Fringe Box



Opinion: We’re Missing the Point About Our Litter Problem

Published on: 21 Jul, 2020
Updated on: 22 Jul, 2020

Litter on Whitmoor Common, off Salt Box Road.

By David Roberts

Conducting a little anti-litter campaign in Britain’s most troubled overseas territories made me think hard about the subject, and my impression of the debate in Guildford, including the council’s “Don’t be a Tosser” campaign, is that we’ve got the wrong end of the stick.

There are some people who litter and a very large number who would never dream of doing so. The difference is cultural and educational, so deeply embedded that no poster campaign is going to turn a “tosser” into a “non-tosser’.

“Keep Britain Tidy” was an effective slogan when Britain was tidy. But the scale of our waste problem is now planet-threatening. From time to time we have an Attenborough moment, when it seems we have reached a tipping-point in public attitudes, for instance, to plastic rubbish. Then the moment passes and we move on.

So maybe it’s time to try something different and talk to the more-or-less responsible majority, rather than vilify the littering minority, many of whom (let’s face it) lead chaotic lives through no fault of their own. Put bluntly: you didn’t drop it but you can still pick it up.

Forget the tossers: my slogan would be “Your Street – Your Litter”. Older people may remember a time when people swept the street outside their properties. Not to do so would bring social shame. Fifty years of individualism and business-worship appear to have destroyed Britain’s civic pride.

Litter at Newlands Corner.

As we drown in litter, we clutch at excuses. “It’s not mine. It’s the council’s job. It’s what I pay my taxes for. It’s people from elsewhere. It’s kids. It’s cyclists. It’s dog-walkers. It’s the cuts. I do my recycling already. I’m too busy. It’s disgusting. I can’t bend…”

Excuses, excuses. It’s easy to help keep your own immediate environment clean and some individuals already set an example by removing rubbish from their streets. You don’t have to wait to be told to do it. It doesn’t necessarily have to be a set-piece, feel-good event with matching T-shirts, which some public-spirited residents organise. Just do it. Now.

No-one likes living in a mess and most of us can put aside some time to “adopt” a section of street and keep it tidy. Gradually, this will turn the tide and make Guildford a cleaner, better place to live.

Councils can play a more determined role. The soft option of blaming delinquent “tossers” is a lazy substitute for having even a rudimentary anti-litter plan with measurable improvement targets, and I dread to think how much taxpayers have paid for GBC’s vulgar poster campaign. What exactly is the plan and why is no councillor appointed Litter Champion accountable for its success?

Pizza boxes left by a bench in a field by The Mount.

In my view, nothing much will happen until residents generally “own” the problem and the big majority with no particular sense of community feel they have a role. Most don’t want to be organised but still want clean streets. Public messaging should emphasise self-help and taking control and responsibility.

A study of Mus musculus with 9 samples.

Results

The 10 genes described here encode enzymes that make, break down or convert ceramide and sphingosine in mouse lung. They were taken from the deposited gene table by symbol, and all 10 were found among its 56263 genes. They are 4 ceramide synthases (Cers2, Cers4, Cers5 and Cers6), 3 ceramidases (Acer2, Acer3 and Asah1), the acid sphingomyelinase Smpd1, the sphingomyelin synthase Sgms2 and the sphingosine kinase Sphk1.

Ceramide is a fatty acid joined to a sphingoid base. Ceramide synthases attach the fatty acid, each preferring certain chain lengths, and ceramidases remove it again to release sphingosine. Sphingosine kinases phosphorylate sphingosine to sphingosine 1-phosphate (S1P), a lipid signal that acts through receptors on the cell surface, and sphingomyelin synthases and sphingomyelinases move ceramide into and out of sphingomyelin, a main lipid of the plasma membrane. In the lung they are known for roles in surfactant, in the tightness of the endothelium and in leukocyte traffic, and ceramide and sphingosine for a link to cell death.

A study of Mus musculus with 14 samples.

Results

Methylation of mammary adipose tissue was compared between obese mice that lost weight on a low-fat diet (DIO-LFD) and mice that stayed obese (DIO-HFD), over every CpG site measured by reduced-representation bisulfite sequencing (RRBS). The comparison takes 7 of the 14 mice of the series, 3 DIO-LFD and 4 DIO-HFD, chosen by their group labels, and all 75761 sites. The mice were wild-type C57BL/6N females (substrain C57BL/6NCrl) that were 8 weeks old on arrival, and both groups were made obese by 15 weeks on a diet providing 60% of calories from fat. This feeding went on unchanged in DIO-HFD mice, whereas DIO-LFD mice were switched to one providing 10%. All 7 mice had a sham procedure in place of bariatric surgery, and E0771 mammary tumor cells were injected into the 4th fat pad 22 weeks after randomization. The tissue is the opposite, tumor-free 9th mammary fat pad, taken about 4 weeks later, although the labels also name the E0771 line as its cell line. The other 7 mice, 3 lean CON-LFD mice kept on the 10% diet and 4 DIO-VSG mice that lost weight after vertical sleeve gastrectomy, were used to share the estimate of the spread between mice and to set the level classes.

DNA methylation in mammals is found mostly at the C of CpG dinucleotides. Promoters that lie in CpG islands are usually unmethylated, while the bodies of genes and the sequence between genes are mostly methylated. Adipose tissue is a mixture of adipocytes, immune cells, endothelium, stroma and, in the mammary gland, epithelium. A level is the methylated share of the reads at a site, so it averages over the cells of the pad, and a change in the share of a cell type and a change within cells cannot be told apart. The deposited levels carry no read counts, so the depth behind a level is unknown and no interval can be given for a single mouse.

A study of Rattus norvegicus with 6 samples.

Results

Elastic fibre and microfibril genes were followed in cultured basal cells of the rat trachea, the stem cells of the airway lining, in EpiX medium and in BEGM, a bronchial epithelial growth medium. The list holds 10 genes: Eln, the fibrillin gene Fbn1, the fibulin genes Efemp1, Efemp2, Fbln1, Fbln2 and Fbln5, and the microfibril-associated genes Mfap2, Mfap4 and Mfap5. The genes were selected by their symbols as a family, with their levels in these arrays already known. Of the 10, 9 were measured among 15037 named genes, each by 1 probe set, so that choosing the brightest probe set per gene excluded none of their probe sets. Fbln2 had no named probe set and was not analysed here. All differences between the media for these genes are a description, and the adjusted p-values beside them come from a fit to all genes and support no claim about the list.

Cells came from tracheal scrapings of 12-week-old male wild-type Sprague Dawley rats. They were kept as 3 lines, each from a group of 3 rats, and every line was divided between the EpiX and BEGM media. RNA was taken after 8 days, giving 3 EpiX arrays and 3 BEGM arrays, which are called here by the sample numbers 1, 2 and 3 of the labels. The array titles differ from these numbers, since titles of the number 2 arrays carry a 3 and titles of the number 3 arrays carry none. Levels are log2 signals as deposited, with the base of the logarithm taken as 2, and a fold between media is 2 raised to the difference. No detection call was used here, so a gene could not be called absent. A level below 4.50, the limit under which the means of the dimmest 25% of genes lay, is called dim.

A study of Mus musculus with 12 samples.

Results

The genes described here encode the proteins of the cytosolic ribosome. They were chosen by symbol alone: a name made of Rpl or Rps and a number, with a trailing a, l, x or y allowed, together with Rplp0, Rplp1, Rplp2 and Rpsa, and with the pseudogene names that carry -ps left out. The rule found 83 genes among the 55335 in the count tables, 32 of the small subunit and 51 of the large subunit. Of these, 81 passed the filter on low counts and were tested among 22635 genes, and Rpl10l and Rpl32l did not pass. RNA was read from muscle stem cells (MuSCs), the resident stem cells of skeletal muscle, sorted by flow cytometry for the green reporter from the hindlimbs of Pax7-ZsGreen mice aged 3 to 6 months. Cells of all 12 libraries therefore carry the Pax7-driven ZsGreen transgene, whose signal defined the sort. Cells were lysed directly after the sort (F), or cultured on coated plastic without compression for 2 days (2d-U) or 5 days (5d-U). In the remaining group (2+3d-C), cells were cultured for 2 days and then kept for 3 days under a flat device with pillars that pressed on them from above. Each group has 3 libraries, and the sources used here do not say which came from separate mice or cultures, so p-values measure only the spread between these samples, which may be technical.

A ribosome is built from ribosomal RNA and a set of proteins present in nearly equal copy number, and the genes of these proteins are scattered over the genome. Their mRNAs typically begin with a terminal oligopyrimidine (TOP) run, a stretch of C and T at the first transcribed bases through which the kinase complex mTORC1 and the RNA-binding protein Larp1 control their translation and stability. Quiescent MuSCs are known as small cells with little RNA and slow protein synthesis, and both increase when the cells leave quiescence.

Councils can help by saying how to get hold of litter-picking sticks and high-viz wear and by offering practical tips on rubbish disposal. They can persuade local fitness, walking or sports organisers that, with its gentle walking, stretching and lifting, litter-picking is better than Zumba.

They can make it easy by providing information on timing (fine, dry days in winter are best, when rubbish is most visible and accessible) and the obvious hazards from traffic and injury, which should not be overstated. Health and safety can be just another excuse for inertia.

Councils could also be clearer about what the law says, the penalties for littering, the obligation to keep ditches and water courses clear, and should crack down more effectively on landlords who don’t deal promptly with fly-tipping.

Finally, they should publicly praise those who make an effort. Heroes should never be unsung.

Is the idea of changing local attitudes towards litter too sentimental? Two things tell me it isn’t. One is social conformism. We have seen with plastic bag use, smoking and drink-driving that moral norms can be changed radically over time. There’s strong evidence to suggest that, if people know their neighbours are doing something, they are more likely to do it themselves, hence the motorway signs that nudge you to “Take Your Litter Home: Others Do”.

The other is Broken Windows Theory (Google it!). This suggests that small visible signs of anti-social behaviour lead to much more serious problems. Litter begets more litter and, eventually, fly-tipping and other crime.

That is because litter demoralises people and makes them feel apathetic about their surroundings. The challenge is to reverse this by showing the majority of residents the positive actions they can take.


  1. Jules Cranwell Reply

    July 21, 2020 at 6:50 pm

    Common sense, as ever from Mr. Roberts.

  2. Stuart Taylor Reply

    July 22, 2020 at 6:38 pm

    Like it or loathe it I’m pretty sure that the litter-tosser campaign was designed to spark a debate. Job done, it seems. Interesting idea on the civic campaigns, I used to help out in a BTCV group elsewhere and I’m sure there are other groups looking for volunteers for similar local based activities.